Referenced in our first webinar in the series and in more detail in the “Identify” session, this tool walks you through a protocol for mining the existing data in your EHR to find undiagnosed diabetics by examining the relationship between Diagnosis, Labs and Medications. The protocol can be used retrospectively on existing patient data and applied to each individual new patient visit as well to aid in accurate, timely diagnosis.
Similar to the Diabetes protocol, follow this protocol to identify undiagnosed hypertensive patients in your current patient panel. Like the Diabetes protocol, you can use this same protocol with individual patient visits as well. Just replace “Total Patient Population” at the top with a single patient and follow the steps for accurate diagnoses.
In November 2015, funding was received from MDHHS’ Heart Disease and Stroke Prevention Unit to conduct quantitative analysis of Michigan providers. During the second year of analyses, M-CEITA received data from the Medicaid Promoting Interoperability Program (formerly the EHR Incentive Program, AKA Meaningful Use) and Medicare Public Use Files containing information on providers attesting to MU from 2011-2016. The primary goals of the analysis were to analyze MU data reported by Medicaid and Medicare providers related to cardiovascular health and diabetes-specific health outcomes, and identify compelling data patterns from the providers’ MU and CQM reporting. The infographics below include compelling results from this analysis.
These infographics summarize the alarming statistics around Hypertension and Diabetes, and the various ways Health Information Technology (IT) can be used to improve patient outcomes. Each infographic provides support for these solutions by utilizing relevant results from a data analysis project that linked Health IT use to improved patient outcomes. Each document targets a different audience: Patients, Private Practice Providers, and Physician Organizations.
Leveraging Health IT to Engage and Monitor Patients with Hypertension and Diabetes
Leveraging Health IT to Analyze Data and Improve Hypertension and Diabetes Outcomes
Managing Hypertension and Diabetes by Mastering Health IT: Overview
Identifying Hypertension and Diabetes by Mastering Health IT
A wealth of information for any practice looking to incorporate hypertension-related clinical quality improvement initiatives. In our educational webinar series, we stress the importance of evaluating your staff’s BP measurement skills. Page 5 of this guide includes links to videos and assessment tools to measure staff skills and re-train as needed.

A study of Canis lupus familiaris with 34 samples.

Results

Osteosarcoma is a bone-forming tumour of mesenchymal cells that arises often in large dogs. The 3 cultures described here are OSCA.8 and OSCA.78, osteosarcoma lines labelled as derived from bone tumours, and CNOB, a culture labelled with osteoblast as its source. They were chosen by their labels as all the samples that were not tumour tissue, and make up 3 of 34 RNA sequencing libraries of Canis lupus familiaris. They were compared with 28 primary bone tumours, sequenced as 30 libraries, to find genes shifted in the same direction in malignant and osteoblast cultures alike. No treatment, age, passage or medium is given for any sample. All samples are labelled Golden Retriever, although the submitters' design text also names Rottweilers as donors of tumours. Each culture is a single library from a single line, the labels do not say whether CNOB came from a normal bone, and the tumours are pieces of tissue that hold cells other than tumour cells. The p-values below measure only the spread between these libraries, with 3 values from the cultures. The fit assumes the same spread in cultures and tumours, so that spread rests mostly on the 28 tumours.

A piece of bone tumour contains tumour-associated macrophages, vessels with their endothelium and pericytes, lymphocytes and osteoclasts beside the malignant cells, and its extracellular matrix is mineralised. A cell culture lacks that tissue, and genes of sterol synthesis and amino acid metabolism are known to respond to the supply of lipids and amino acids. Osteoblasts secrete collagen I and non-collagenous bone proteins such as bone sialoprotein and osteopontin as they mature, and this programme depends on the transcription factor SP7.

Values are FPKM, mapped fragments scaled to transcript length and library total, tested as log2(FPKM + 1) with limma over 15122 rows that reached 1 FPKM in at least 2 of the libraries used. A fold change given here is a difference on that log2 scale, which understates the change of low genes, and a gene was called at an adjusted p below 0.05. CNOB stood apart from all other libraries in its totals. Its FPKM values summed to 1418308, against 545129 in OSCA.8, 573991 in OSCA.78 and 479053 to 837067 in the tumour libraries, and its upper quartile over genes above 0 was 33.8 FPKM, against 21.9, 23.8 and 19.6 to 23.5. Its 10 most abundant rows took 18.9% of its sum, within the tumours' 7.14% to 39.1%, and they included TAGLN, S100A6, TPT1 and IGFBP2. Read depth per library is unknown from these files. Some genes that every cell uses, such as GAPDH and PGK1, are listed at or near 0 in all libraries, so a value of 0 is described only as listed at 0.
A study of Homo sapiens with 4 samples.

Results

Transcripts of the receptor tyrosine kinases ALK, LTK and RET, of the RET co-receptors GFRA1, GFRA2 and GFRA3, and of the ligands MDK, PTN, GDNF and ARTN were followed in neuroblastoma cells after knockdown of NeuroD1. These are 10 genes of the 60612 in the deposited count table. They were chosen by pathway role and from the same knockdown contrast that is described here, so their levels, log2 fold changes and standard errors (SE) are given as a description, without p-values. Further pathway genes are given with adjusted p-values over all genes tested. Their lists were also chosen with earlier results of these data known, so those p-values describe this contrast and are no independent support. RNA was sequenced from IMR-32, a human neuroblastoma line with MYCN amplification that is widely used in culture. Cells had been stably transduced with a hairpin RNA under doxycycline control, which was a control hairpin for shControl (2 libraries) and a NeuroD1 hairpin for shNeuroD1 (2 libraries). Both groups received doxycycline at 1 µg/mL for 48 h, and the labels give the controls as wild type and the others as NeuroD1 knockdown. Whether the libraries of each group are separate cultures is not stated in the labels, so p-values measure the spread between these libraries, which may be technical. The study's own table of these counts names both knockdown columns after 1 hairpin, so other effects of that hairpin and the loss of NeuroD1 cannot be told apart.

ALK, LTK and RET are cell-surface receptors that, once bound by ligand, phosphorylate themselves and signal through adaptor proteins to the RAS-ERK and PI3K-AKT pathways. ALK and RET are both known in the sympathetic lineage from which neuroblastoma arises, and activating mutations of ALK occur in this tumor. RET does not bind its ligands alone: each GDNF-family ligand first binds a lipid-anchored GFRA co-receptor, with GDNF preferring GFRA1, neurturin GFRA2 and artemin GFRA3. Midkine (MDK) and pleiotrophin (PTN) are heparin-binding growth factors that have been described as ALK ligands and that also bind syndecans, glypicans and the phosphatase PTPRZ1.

Pared with the BP measurement tools and videos referenced in the Million Hearts Hypertension Control Change Package, a step-by-step guide from the Michigan Department of Health & Human Services for proper BP measurement.
An excellent, comprehensive guide for any office looking to incorporate a program of Patient Self-Monitoring of Blood Pressure (SMBP).
A condensed, 2-page “Provider Guide” for implementing a Patient Self-Monitoring of Blood Pressure (SMBP) program at the office level.
(zip file; download then extract)
A fantastic tool for planning/developing/implementing Clinical Decision Support (CDS) interventions. As a bonus, this tool is packed with Hypertension related examples.
A Clinical Decision Support (CDS) starter kit for Diabetes follow-up care with examples that can help you consider how different CDS intervention types can match work processes for a particular clinical condition.
This document represents the official position of the American Association of Clinical Endocrinologists and the American College of Endocrinology for the treatment of Type 2 Diabetes. This comprehensive algorithm should be an integral component in your clinic(s) for improved diabetic outcomes. When the M-CEITA Undiagnosed Diabetes Identification Protocol references a management tool, this is it.
In recent years, Health Information Technology (HIT) has emerged as a promising path toward improving the detection and management of chronic disease. However, for todays’ overstretched clinicians to successfully leverage HIT they need the support, resources, and evidence to show that adopting HIT can positively impact patient outcomes. In 2014, the MDHHS’ Heart Disease and Stroke Prevention Unit and Diabetes Prevention and Control Program partnered with M-CEITA to provide clinicians with educational resources, technical assistance, and evidence to show the impact of HIT adoption on patient outcomes. This paper describes the results from this partnership, discusses the implications for clinicians, and provides a model for other states looking to maximize HIT to improve patient care, chronic disease outcomes, and QI.